FORT WORTH (CN) – The Big East Conference claims in Federal Court that Texas Christian University owes it a $5 million exit fee for reneging on joining the Big East and bolting for the Big 12 Conference.
In a complaint filed Monday in District of Columbia Federal Court, The Big East claims Fort Worth-based TCU agreed to join the Providence-based Big East on Nov. 29, 2010, and to compete as a full member of the conference starting in July this year.
The move was viewed by college football fans as mutually beneficial – TCU’s football program could compete for the Big East’s automatic berth in the lucrative Bowl Championship Series, while the basketball-rich but football-poor Big East would gain a highly ranked, respected football program.
TCU’s current conference, Colorado Springs-based Mountain West Conference, does not have an automatic berth in the BCS, making it difficult for the school to compete for a berth in the BCS National Championship Game.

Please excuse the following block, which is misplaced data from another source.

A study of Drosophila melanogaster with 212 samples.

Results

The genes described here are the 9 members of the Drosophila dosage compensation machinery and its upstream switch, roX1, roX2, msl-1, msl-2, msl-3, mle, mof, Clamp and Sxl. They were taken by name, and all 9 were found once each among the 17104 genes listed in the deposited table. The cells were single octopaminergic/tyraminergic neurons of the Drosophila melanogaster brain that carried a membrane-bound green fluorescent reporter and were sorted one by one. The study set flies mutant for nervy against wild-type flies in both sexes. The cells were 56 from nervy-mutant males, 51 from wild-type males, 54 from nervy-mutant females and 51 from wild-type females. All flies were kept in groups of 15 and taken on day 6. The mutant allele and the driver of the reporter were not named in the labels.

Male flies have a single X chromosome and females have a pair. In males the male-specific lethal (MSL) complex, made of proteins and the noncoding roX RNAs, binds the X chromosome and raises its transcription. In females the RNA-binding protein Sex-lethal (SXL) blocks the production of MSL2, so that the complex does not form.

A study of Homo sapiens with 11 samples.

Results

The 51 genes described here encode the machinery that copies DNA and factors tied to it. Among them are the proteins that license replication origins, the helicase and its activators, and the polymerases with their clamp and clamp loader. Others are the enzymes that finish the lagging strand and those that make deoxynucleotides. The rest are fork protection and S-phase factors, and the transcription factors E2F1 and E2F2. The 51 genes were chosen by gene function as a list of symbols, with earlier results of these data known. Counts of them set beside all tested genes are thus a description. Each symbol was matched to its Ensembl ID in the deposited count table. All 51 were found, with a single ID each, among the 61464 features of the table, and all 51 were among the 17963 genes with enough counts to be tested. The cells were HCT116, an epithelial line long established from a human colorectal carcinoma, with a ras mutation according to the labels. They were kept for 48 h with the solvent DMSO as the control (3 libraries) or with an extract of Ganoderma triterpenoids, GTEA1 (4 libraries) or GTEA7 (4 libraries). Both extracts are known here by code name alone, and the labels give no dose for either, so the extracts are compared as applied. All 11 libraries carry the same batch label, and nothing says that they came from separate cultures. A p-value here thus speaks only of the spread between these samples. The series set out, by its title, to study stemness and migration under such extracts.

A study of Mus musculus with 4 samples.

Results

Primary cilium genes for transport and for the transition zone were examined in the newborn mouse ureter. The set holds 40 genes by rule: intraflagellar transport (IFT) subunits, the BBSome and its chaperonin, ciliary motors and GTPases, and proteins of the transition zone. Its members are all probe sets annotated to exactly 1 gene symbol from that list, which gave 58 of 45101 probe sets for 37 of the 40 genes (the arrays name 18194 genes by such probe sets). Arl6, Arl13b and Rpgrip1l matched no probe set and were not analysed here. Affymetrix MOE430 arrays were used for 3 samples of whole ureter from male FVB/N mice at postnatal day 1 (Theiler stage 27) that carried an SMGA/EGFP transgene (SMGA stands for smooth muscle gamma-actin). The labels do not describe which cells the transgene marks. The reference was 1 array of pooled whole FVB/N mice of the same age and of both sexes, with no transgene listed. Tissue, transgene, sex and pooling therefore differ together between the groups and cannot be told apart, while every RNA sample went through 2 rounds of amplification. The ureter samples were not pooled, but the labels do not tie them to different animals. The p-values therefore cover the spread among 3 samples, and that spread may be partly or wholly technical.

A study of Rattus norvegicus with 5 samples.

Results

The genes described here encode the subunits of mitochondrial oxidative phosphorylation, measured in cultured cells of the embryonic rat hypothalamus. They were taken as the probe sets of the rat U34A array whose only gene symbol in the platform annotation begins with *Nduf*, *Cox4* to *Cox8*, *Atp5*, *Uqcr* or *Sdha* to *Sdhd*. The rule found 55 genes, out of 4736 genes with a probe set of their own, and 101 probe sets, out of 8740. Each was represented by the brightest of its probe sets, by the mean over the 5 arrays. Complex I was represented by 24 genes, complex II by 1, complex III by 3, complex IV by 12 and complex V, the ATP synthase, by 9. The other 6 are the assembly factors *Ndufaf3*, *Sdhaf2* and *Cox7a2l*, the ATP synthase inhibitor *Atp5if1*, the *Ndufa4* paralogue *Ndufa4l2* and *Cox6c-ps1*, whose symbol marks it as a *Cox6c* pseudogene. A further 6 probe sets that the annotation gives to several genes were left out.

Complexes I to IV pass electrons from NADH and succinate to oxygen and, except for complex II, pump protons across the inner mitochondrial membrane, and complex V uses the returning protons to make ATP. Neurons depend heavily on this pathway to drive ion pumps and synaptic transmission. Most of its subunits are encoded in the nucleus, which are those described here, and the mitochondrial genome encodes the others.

On Oct. 11, 2011, however, TCU reneged on the agreement and accepted an invitation to join the Irving, Texas-based Big 12, the complaint states.
The invitation from the Big 12 came 3 weeks after an announcement that Texas A&M University was leaving the Big 12 for the Southeastern Conference.
The Big East claims TCU has refused to pay the exit fee.
“At a press conference announcing that TCU would instead join the Big 12, TCU Athletic Director Chris Del Conte publicly acknowledged TCU’s contractual obligation to compensate the Big East for its refusal to join the conference,” the complaint stated.
The loss of TCU was only one of the Big East’s many problems. On Sept. 17, 2011, Syracuse University and the University of Pittsburgh announced their intention to leave the Big East for the Athletic Coast Conference; the ACC accepted them the next day.
Weeks later, Big East member West Virginia University accepted an invitation to join the Big 12.
The Big East has since sued West Virginia and Pitt, seeking to enforce conference bylaws that require 27 months notice before a school is allowed to leave, among other things.
The Big East seeks damages for breach of contract.
It is represented by Benjamin Block, with Covington & Burling, in Washington, D.C.